I’m been down in the trenches over the past week working on the campaign for Sonic Blocks. My friend Scott and his son came up with the idea for a completely modular music “ecosystem” a couple of years ago and it’s finally going to get the exposure that it deserves through Indiegogo in a little over a week (the campaign goes live a week from tomorrow). In addition to working behind the scenes on the audio aspects of the system, it’s been my responsibility to flush out all of the graphics, make the animated GIFs, draft the message, and assemble the product page on the Indiegogo site. You’d think that this could be done in a matter of a couple of days, but you’d be wrong. I’ve spent the better part of the last ten days creating the materials and writing the copy for the page. There’s animations to create, export, and link to as well as static graphics and the central video. And Scott loves it. It’s true that we should have done the work over the past 12 months, but better late than never.
So what does it take to develop an idea and bring it to consumers? In simple terms, it’s takes a lot of time, effort, money, and imagination. And there’s still no guarantee that it’s going to be successful. Sonic Blocks has a very good chance IMHO. It’s a solid product that delivers what it promises. Scott and I will be talking about modularity, system design, and audio personalization on Scott Wilkinson’s The Home Theater Geek show this Thursday afternoon. If you’re interested to hear what the inventor has to say about his unique idea and how I influenced the concept and realization, please stop by on Thursday and check it out. HTG allows real time questions from the audience, so don’t be shy about commenting or asking questions. Here’s the link to the Home Theater Geek site.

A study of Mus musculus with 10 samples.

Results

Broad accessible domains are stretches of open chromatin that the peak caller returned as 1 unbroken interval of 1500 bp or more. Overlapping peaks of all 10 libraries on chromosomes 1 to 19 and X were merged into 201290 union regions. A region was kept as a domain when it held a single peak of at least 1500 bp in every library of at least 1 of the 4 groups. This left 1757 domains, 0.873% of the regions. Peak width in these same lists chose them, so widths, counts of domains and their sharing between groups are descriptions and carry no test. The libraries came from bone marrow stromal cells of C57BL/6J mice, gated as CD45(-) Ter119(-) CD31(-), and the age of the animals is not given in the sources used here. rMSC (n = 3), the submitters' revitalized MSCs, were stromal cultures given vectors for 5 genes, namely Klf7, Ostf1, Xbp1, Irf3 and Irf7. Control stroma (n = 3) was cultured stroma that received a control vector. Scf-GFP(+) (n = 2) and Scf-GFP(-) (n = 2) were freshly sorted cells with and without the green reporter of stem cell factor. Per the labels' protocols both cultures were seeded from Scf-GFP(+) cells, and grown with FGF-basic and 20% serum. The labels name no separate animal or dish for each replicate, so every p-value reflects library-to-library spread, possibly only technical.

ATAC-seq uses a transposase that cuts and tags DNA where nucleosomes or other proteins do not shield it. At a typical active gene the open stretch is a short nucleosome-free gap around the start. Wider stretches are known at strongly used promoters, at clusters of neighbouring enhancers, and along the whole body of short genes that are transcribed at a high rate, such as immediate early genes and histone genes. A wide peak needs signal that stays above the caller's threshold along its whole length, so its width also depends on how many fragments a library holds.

Sonic Blocks is not an audiophile component or system. It’s not designed to be an ultra fidelity system but it can deliver very good sound quality AND it allows you to expand and modify the individual components without scrapping the whole thing. That’s what makes it different from other wireless speaker systems. Imagine being able to quickly and easily swap one speaker driver for another, better quality speaker. Sonic Blocks allows consumers to replace individual drivers without tools, solder, or technical expertise. It’s all done with magnets.
Crowdsourcing is a disruptive idea. Who would have thought that a small team — or even an individual — could conceive an idea, develop that idea into a project, and successfully fund it through the Internet. I proved that it can happen (yes, I know I should have been working on the book over the past week but Scott needed my multimedia expertise) with my book project last fall and again with the Paul Horner CD project. But Sonic Blocks is reaching for a whole lot more in terms of funding.
So tune in on Thursday to the Home Theater Geek and see if you can get behind the idea for Sonic Blocks. See you then.